We gave it a B-
The new Woody Allen movie, Melinda and Melinda, is not a work of science fiction, yet there are moments when you may think you’ve slipped through a verbal-sociological time warp. Who are these men and women in their late 20s and early 30s nattering about Stravinsky and Bartók (”I find the more turbulent parts a little scary!”), about the Nuremberg trials, about the act they persist in referring to as ”making love”? Allen, who is often chided for creating a lily-white Upper East Side universe, now features a prominent African-American character, yet you wish he wasn’t a refined classical musician who has to say ”I’m from Harlem, USA!” At one point, a flip reference is made to the ”personal columns,” a phrase I don’t think I’ve heard in a decade. Doesn’t Allen know that the Internet has not only revolutionized the way that people advertise for someone to, uh…make love with but eliminated the stigma of it?
The hermetic, ”neurotic,” high-culture Manhattan of Melinda and Melinda no longer looks or sounds like the real world; it’s a synthetic patchwork of the world of old Woody Allen films. In alternating scenes, Allen creates two versions of the same story, one comic, the other tragic, and what’s odd is that the difference doesn’t mean anything: In each version, everyone speaks in the same coyly overemphatic Allen-ese. Yet if he now possesses an official tin ear for the rhythms and references of American urban life, Allen has by no means lost his craft, his ability to spin out a romantic scenario of adultery and heartbreak so you stay with it.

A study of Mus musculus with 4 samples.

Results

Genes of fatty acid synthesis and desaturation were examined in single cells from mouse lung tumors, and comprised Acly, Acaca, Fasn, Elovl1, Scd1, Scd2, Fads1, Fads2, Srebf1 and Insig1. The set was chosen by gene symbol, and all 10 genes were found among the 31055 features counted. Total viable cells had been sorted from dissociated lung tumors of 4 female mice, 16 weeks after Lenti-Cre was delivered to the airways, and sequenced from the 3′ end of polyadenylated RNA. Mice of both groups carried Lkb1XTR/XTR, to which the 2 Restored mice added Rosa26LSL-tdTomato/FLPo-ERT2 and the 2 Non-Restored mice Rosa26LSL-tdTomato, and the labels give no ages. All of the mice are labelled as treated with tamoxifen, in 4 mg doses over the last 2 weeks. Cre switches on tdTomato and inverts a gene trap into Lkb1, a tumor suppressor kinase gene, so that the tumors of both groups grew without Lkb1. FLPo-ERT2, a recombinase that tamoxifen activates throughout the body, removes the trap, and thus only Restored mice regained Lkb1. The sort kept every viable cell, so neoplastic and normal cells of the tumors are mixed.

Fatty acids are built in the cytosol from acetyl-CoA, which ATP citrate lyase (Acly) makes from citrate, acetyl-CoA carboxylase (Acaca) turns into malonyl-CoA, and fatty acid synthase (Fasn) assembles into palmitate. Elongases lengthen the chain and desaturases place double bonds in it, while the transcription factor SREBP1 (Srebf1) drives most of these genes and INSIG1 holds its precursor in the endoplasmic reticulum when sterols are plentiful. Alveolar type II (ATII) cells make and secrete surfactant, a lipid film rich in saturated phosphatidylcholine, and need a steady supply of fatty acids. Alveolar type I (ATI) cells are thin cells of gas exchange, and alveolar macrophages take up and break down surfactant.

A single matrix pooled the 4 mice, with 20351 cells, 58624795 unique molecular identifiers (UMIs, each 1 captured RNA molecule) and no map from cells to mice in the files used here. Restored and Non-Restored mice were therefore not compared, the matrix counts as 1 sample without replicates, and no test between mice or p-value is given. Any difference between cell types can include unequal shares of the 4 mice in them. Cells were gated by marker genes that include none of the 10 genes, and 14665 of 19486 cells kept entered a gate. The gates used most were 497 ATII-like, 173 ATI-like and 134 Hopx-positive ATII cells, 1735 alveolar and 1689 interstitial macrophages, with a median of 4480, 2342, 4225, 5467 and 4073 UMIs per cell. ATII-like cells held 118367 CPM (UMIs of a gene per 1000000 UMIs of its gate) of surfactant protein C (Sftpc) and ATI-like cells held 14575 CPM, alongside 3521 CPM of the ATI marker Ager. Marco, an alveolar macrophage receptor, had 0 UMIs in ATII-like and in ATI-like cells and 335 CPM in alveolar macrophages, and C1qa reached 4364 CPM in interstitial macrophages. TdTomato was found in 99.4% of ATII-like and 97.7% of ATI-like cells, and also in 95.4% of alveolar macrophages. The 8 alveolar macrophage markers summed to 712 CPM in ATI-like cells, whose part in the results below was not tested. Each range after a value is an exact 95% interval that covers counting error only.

The best reason to see Melinda and Melinda is Radha Mitchell, who has her grabbiest role (or two of them) since she broke through with High Art (1998). In each version, she’s Melinda, a troubled young woman who splashes, uninvited, into a dinner party. The tragic section casts her as a former school chum of two of the women there, and in the comic version she’s a stranger — a luminous wreck who has just popped 28 sleeping pills. In each episode, she is rescued, or so it seems, by a love affair but mooned over by someone else; the effect is Hannah Lite, with a touch (in the downbeat version) of Crimes and Misdemeanors. Mitchell, the rare beauty who doesn’t act behind a screen of self-possession, lends urgency to the drama of someone coming apart, and she’s moving in her romance with a suave, subtly duplicitous musician (Chiwetel Ejiofor, the superb Nigerian actor from Dirty Pretty Things).
In the lighter episode, Melinda is chased by the earnest, dorky Hobie, a bad actor trapped in a passionless marriage. He’s played by Will Ferrell, who does a riff on Woody’s anachronistically nervous, cough-out-a-punchline shtick without embarrassing himself the way that Kenneth Branagh did. Yet Ferrell doesn’t put his stamp on the role, either. Except for Mitchell, no one in Melinda and Melinda does. The roster of offbeat actors (Chloë Sevigny, etc.) are dangling from strings, with a puppet master who needs to muss up his art and stop looking backward.